What Should I Do if I’m Charged with DUI in Arizona?
Our Mesa AZ Criminal Defense Law Firm Offers Step-By-Step Advice
If you have been charged with driving under the influence (DUI) in Arizona, the consequences can be severe if you're convicted of this serious charge. Depending on whether you have been convicted of DUI in the past and how high your blood alcohol concentration (BAC) was, you could be fined hundreds or thousands of dollars, lose your driver's license and even be imprisoned for several days, months or years.
That's why it's important that you fully understand how the legal process works in Arizona and what are your available legal options. The actions you take immediately after you have been charged with DUI can affect you for the rest of your life. That's why we created this step-by-step guide for what to do if you have been charged with drunk driving in Arizona.
Our DUI criminal defense attorneys at Brown, Naegle, Crider & Jensen, LLC have decades of experience handling such complicated legal cases, including "Extreme DUI," "Super Extreme DUI" and aggravated DUI charges in Arizona.
Our legal team understands the seriousness of such charges and what's at stake. That's why we want to help you every step of the way. Contact us and schedule an appointment at one of our 8 offices statewide, including offices in Mesa, Scottsdale, and Tucson.
What You Should Do
If you have been charged with drunk driving in Arizona, we strongly urge you to take the following steps:
- Keep your comments to a minimum - This applies the second you're stopped for suspicion of drunk driving in Arizona. Anything you say or do can be used as evidence against you in a court of law.
- Be polite - At all times during your interactions with law enforcement officials, it is important to be courteous and polite. Saying things like "Sir" or "Ma'am" might seem minor, but it can often make a dramatic difference in how police treat you.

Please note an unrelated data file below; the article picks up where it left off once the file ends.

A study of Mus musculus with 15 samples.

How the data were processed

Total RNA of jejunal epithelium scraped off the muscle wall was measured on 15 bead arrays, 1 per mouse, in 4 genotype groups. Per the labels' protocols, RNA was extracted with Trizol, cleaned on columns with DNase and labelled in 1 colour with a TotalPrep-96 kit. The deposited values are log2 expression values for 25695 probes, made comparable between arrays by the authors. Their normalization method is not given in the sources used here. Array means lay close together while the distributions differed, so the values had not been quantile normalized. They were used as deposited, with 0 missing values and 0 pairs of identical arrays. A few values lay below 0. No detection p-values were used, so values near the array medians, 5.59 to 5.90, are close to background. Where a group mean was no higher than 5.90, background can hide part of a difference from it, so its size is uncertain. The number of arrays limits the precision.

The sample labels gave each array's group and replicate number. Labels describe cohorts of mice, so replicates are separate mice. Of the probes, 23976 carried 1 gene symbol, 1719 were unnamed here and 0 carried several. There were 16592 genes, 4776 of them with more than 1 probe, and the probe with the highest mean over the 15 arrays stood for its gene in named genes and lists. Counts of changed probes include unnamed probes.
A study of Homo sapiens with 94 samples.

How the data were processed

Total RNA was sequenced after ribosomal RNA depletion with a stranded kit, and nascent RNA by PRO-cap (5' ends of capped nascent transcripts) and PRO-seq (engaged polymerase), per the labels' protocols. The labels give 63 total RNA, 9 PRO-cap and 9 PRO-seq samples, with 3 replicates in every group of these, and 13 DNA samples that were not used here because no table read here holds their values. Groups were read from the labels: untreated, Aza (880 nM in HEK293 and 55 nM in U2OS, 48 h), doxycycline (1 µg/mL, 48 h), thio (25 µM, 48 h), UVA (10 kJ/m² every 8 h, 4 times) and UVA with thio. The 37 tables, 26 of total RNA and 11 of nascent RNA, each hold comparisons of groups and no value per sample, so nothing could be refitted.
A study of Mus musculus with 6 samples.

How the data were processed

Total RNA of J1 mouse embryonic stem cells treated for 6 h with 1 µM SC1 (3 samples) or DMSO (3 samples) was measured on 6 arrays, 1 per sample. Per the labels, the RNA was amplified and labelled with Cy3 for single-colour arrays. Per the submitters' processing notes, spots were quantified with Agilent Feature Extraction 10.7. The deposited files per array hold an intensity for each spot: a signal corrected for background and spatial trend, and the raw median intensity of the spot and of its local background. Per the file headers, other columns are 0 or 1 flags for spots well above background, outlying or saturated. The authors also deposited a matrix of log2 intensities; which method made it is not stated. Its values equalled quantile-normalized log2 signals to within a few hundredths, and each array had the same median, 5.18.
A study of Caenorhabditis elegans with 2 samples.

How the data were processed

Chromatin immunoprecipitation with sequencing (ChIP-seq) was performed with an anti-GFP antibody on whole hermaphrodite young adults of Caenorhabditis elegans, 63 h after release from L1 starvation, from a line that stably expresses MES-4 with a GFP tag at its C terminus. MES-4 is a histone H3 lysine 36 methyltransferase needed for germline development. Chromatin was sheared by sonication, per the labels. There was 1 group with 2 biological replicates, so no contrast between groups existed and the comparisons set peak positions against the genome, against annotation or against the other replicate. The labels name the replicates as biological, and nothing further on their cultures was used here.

- Do not take a field sobriety test - Many police officers who stop people under suspicion of DUI ask drivers to take a field sobriety test. This includes the "Walk and Turn" (WAT) test, "One Leg Stand" (OLS) and Horizontal Gaze Nystagmus (HGN). None of these tests are mandatory, and you are perfectly within your rights to refuse. We strongly urge you to not take these tests, even if you're completely sober.
- You can challenge your test results - Just because you failed a DUI breath test or blood test does not mean that you have to accept the results of such tests. In many cases, test results are considered inadmissible in court for several reasons, including:
- Blood or breath test administered incorrectly
- Equipment defective or improperly maintained
- Breath test produces false reading
- Challenge your license suspension - If you have been charged with DUI in Arizona, the arresting officer will likely send the information about your arrest to the Arizona Department of Motor Vehicles. The DMV then has the power to suspend your driver's license. If the DMV does so, you will receive a Corrective Action Notice in the mail notifying you that your driver's license will be suspended for 90 days if you do not request an administrative hearing within 15 days of receiving your Corrective Action Notice. Request an administrative hearing. Challenge your suspension. And make sure you contact us. We can help you every step of the way.
- Contact our law firm - The sooner you have an experienced attorney working with you on your case, the more likely you will be able to deal with every legal challenge you face after your DUI arrest. You cannot afford to take chances with your future. The penalties for a DUI conviction are too severe. Make sure you give yourself the best opportunity for justice. Make sure you contact our law firm as soon as possible, day or night, 24 hours a day. We're here for you.